Panic! At The Disco
Panic! At The Disco is that band that your friends listened to in middle school and now makes you wonder how they’re still around. Those who love them love them a lot, and those who don’t either discount them because of their “emo-trilogy” roots, or, in rare cases, are just genuinely not into it. To these people, I say, come on. You have to look a little beneath the surface to understand why Panic! is surviving, even as the one-man show that it has become.
Their latest concert was at The Petersen Event Center, which is not as far from campus as one might think. In fact, technically, it’s an estimated five minute walk after a short bus ride into Oakland. What Google Maps will fail to tell you, however, is that there is a monster of a hill to hike up. So yes, the walk over was not as convenient as I had hoped, despite the short distance, but it was all worth it.
From their debut album, A Fever You Can’t Sweat Out, to their most recent classic rock, pop, and jazz-inspired album, Death of a Bachelor, every album that this band puts out is unique in genre, length, style, and mood. This leaves fans in suspense every time they promise a new album. Panic! is also one of the few bands that gives me a lot of trouble in selecting favorite albums and songs. Everything is different, but everything is tied together with the golden thread that is Brendon Urie’s voice — with the exception of some of their older work.
Urie, the lead singer and longest standing member, has become the center of the band. Other members have come and gone, but he has managed to endure through the constant evolution and growth of the music that Panic! is associated with. He has shown off the softness of his vocals in songs like “Folkin’ Around” from Panic!’s folkinspired album Pretty Odd and the strength in more upbeat songs like the recent hit “Victorious.”
I had seen Panic! in concert once before at the Thrival music festival in 2015. All I remember is being overwhelmed with the quality of the performance, and how the live performance elevated every time I listened to their music thereafter. I expected no less this time around.
Urie and the traveling members of Panic! took the stage after openers Saint Motel and Misterwives, who kept the crowd excited and on their feet during their performances. Once Panic! was up, the shrieking of voices young and old overwhelmed the arena. They opened with “Don’t Threaten Me With A Good Time” from their newest, Grammy nominated album. The song starts with a “Rock Lobster”-inspired guitar riff that never fails to send fans into a frenzy, and gives Urie the chance to start the show belting. The tone then shifted to the darker side with “LA Devotee” and spun further into “Golden Days.”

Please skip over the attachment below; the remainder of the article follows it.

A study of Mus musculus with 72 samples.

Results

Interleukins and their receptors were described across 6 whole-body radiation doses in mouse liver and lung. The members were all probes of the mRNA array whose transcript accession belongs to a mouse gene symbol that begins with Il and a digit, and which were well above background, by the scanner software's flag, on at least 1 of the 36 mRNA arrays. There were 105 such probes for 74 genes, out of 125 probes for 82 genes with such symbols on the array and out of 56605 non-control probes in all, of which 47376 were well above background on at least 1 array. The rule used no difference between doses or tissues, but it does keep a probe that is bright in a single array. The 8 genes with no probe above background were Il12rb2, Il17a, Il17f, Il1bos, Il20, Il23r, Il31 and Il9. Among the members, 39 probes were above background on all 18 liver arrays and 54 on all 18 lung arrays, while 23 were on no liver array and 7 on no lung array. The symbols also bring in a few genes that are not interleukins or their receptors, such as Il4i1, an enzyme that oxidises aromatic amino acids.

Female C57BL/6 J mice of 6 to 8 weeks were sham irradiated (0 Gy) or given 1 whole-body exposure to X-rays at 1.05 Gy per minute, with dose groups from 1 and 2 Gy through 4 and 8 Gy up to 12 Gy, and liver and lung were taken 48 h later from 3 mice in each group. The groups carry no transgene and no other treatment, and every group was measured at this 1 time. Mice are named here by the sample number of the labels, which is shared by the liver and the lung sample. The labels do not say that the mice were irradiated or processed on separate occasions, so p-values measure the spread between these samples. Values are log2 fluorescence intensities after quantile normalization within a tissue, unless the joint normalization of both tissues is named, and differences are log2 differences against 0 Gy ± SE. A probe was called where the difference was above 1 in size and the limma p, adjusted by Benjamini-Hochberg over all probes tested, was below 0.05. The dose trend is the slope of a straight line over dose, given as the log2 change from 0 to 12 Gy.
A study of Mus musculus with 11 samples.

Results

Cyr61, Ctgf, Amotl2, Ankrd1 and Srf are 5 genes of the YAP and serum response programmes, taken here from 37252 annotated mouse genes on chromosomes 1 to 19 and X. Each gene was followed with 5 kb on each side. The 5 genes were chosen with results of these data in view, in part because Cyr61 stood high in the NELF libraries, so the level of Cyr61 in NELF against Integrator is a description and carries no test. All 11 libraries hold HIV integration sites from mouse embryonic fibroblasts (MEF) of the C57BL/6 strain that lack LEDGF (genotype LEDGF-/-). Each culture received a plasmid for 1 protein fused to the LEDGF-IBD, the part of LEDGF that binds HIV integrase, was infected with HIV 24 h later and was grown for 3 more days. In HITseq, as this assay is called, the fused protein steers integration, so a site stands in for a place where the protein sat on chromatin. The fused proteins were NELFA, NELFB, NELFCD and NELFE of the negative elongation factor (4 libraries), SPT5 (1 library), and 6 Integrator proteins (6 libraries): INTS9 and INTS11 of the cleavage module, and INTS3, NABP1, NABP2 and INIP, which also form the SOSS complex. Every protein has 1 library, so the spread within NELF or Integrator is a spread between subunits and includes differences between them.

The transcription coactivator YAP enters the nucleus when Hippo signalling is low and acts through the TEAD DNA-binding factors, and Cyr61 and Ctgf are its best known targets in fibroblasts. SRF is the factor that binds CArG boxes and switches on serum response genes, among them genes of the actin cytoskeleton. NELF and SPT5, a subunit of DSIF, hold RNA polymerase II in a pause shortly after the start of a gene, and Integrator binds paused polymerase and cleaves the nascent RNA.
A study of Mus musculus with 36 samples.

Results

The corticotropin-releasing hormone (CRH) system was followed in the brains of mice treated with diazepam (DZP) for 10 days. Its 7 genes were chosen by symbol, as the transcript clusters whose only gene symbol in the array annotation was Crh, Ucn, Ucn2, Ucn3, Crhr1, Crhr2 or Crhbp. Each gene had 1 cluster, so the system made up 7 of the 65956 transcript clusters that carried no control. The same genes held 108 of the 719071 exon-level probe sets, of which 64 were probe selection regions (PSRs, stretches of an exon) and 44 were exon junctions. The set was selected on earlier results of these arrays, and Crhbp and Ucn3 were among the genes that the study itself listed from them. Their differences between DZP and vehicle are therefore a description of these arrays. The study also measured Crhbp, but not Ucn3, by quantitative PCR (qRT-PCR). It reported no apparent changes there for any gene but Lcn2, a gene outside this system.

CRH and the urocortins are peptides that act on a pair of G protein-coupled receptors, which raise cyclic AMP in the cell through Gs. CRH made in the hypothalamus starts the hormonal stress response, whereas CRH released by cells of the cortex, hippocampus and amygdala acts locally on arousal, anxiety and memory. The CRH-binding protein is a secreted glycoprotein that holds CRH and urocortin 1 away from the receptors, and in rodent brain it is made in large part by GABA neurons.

Always a sensational performer, Urie skipped around in a golden blazer and worked the audience with finesse. At one point he froze with the music on stage in a victorious pose with his arms extended upwards and back towards the audience, and then proceeded to do a backflip as the
music swung back in. A little later in the night, Urie disappeared, and a clip featuring Fall Out Boy’s Pete Wentz was shown on the big screen behind the stage. Urie then reappeared from the back of the audience, and took to a giant revolving silver piano in the middle of the crowd, where he sang an acoustic and soulful rendition of “This Is Gospel” from Too Weird To Live, Too Rare To Die, with the entire audience singing along.
Phone flashlights were up, and the venue had handed out colored hearts to some audience members, resulting in what looked like a blanket of multicolored stars swaying all the way around the arena. With his post-marriage swan song “Death of a Bachelor” Urie even walked right through the crowd, hugging fans as he made his way back up to the stage.
All the songs I’ve mentioned so far are some of Panic!’s newer pieces, which could have left some of their original fans a little upset. To cater to these fans, Panic! compiled a medley of “The Only Difference Between Martyrdom and Suicide Is Press Coverage,” “Camisado,” and “But It’s Better If You Do” that left fans screaming. The medley was an ode to the congruity and flow of their older songs, with three pieces that seamlessly flowed into one another, and made hearts flutter. Even with these performance feats, the highlight of the show didn’t come until near the end.
“Girls/Girls/Boys” is the LGBTQ anthem on Too Weird To Live, Too Rare To Die, and while performing it, Urie shouted out to the ridiculousness of the hate that LGBTQ people have been subjected to over the past few months. The performance featured images of LGBTQ icons ranging from Ellen Degeneres and Anderson Cooper (swoon) to Ru Paul and Elton John. The images then assembled themselves into the LGBTQ flag, and needless to say the crowd erupted. With that, Urie announced that he was about to perform a song by one of his “favorite gay people of all time,” and proceeded to perform Panic!’s cover of Queen’s iconic “Bohemian Rhapsody.” This, friends, is where I officially lost it — mostly because Queen is my all time favorite band, and the buildup to the cover made the performance cathartic, to say the least.
You should give your middle school loves a chance. Artists have the ability to evolve as the world and you do. If you’re lucky, their new stuff will gel with you, and you won’t have to throw away those old t-shirts you have stashed in the back of your closet. Pull ‘em back out and support those musicians that supported you through your awkward puberty-struck younger self.